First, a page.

Synagogue in the Red Village
Rabbi David Wolpe
By Rabbi David Wolpe
November 5, 2015
IDEAS
David Wolpe is the Max Webb Senior Rabbi of Sinai Temple in Los Angeles.

This past Saturday morning, I shared a rare experience with 50 members of my congregation: We walked straight into a synagogue.

That may sound unremarkable, but anyone who has traveled the world knows that many synagogues are not so easily accessed. In many places, synagogues aren’t open 24 hours a day for anyone to enter. In my own synagogue in Los Angeles, there are guards and people to check trunks of arriving cars. Many times I have had to write letters to foreign Jewish communities vouching for someone so they will be permitted to attend the synagogue in that city. I have often thought that one difference in potency of anti-Islamic feeling versus anti-Semitism may be measured in the simple fact that while mosques are often unguarded, most synagogues have serious security.

And yet on Saturday in a Muslim country, Jews walked freely into the synagogue, and no one bothered to ask questions or check bags.

Azerbaijan is a remarkable exception. At a meeting the week before in Jerusalem, an Israeli diplomat said to our group: “I would hesitate to walk down the street in Sweden with a kippah, but not in Azerbaijan. In Azerbaijan no one will give you a hard time.” I can attest to the accuracy of that statement. For nearly a week I wandered the streets with a kippah and was met with nothing but courtesy and kindness.

This is an extraordinary accomplishment and too little known in the world. Azerbaijan is a country with a long and proud history of acceptance of other religious traditions. Although more than 90% of the population is Muslim, both Sunni and majority Shiite live here together, Jews feel accepted and appreciated, and the same seems true for other religious minorities.

We had traveled to Azerbaijan to bring a Torah to the mountain Jews of Baku. Among the about 30,000 Jews who live in the country, the mountain Jews have a very long history, tracing their origin back thousands of years. After the destruction of the First Temple in 587 BCE, Jews are said to have settled in the area of southern Azerbaijan, now the northwestern part of Iran.

Our visit was coordinated by Azerbaijan’s Western Region Consul General, Nasimi Aghayev. In our tour we visited the Quba region, home to Red Village, which, before the Soviets, was known as the Jewish village. It is home to some 4,000 Jews, making it one of the largest Jewish cities outside of Israel. We visited the summer and winter synagogue, prayed and walked the streets, astonished at the ease with which Jewish life was lived in this tiny nation nestled in the Caucuses.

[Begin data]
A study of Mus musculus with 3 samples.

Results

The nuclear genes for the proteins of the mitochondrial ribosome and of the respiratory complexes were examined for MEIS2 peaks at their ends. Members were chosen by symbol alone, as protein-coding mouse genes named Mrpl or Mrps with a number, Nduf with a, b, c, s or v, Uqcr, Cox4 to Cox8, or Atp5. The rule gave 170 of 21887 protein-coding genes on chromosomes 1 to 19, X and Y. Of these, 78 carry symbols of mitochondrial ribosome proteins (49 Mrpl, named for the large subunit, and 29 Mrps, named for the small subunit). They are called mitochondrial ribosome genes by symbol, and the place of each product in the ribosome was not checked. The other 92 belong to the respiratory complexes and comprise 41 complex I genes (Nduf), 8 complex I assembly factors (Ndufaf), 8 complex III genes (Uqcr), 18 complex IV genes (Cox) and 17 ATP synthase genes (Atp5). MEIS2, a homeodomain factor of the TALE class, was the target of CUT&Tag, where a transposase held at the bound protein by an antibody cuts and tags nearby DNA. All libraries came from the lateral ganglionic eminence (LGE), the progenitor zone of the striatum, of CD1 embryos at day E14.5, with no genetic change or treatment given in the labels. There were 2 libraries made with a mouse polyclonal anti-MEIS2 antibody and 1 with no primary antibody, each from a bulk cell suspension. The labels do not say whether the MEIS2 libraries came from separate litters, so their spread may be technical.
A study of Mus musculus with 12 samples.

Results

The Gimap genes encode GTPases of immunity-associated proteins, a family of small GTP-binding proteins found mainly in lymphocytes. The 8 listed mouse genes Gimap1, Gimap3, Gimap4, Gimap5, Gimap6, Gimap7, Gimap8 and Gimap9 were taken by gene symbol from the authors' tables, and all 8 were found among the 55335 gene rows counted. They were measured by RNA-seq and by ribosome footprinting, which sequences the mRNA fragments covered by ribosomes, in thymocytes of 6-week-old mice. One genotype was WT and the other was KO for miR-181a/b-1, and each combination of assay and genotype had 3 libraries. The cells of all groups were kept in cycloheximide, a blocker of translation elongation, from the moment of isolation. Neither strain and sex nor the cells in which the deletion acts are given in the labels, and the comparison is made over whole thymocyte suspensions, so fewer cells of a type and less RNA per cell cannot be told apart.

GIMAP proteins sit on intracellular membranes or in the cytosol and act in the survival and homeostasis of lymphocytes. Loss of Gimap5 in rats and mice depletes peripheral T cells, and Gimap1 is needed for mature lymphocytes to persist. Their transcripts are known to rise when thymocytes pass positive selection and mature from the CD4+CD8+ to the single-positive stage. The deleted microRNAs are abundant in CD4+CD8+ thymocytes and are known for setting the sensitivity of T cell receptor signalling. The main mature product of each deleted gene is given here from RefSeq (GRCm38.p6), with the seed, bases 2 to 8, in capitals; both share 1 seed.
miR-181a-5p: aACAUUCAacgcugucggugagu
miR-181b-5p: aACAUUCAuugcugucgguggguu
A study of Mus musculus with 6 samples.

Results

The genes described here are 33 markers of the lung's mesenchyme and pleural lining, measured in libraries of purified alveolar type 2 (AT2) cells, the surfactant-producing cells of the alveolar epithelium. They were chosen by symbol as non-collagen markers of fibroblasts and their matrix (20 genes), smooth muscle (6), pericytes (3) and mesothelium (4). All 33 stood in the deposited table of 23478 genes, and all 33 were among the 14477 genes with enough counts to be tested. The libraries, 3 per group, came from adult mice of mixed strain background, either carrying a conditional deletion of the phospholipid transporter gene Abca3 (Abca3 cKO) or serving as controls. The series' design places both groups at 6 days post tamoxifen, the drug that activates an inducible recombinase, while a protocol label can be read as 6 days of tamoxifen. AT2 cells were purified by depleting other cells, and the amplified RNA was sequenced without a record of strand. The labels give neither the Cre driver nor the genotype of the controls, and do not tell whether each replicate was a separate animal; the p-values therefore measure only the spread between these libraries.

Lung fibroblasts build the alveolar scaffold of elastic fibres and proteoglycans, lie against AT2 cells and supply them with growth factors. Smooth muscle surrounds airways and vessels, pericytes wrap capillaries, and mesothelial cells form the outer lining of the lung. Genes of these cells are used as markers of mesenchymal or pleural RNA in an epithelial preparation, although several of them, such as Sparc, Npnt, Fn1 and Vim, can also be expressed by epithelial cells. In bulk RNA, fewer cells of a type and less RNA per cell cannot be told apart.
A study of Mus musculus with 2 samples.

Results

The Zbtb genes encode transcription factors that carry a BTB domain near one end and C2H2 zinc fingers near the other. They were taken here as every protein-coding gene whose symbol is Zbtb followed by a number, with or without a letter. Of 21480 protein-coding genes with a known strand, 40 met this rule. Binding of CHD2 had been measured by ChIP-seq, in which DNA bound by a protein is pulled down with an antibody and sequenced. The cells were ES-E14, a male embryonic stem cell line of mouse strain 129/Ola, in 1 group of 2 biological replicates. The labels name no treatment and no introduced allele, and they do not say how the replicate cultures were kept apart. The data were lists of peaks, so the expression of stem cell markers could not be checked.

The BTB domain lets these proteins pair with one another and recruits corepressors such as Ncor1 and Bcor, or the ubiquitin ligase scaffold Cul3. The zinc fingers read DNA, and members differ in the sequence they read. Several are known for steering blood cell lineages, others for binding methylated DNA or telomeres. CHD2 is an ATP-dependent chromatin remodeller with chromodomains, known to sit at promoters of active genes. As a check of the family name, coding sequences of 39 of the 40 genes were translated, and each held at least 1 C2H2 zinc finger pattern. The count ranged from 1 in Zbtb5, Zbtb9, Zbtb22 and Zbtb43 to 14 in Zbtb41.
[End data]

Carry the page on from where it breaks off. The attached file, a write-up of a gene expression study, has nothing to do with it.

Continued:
Unlike many Muslim nations, Azerbaijan has a close relationship with Israel. Officials shuttle back and forth (next to me on the plane from Tel-Aviv to Baku was Avigdor Lieberman, former Deputy Prime Minister of Israel, and both Israel’s prime minister and president have visited.) President Ilham Aliyev once remarked that the relationship is like an iceberg, with only the tip visible, and most of it under the surface.

Azerbaijan is not a paradise any more than any country in an embattled world. As a new democracy emerging from the long Soviet shadow, Azerbaijan struggles with freedom of the press and human rights. The tensions of being bordered by Iran and Russia and Armenia, and trying to maintain a free and independent Muslim republic, should not be underestimated. The pressures in that part of the world are hardly weighted toward tolerance.

Yet the acceptance of Jewish life is not a surface show. In several meetings with the Grand Mufti of the Caucasus, Haji Allahshükür Hummat Pashazade, he emphasized his brotherhood with the Jewish people and his friendship with a number of rabbis at home and in America. Repeatedly he expressed his deep desire that the cooperation of Christians, Muslims, Jews and other traditions in Azerbaijan might serve as a model for other nations. He is the world’s only Shia-Sunni Grand Mufti, itself an astonishing statement of tolerance.

In the five days our group traveled around the country, meeting officials, artists and our fellow Jews. We toured a Jewish school and several synagogues. We were served kosher meals and spent private time talking with representatives of the Jewish community and regular Jews who had shown up at one or another event, including children. We visited the grave of an Azerbaijani national hero who is well-known as a Jew, buried in the well-curated cemetery with other national figures. And we went to a major square in Baku where we saw a statue of a woman removing her hijab. It is called “Free Woman.”

In a world where intolerance is a potent and growing threat, Azerbaiajan has something vital to teach. It is time for the world to take notice of a small, accepting country that wants a legacy not of enmity, but of embrace.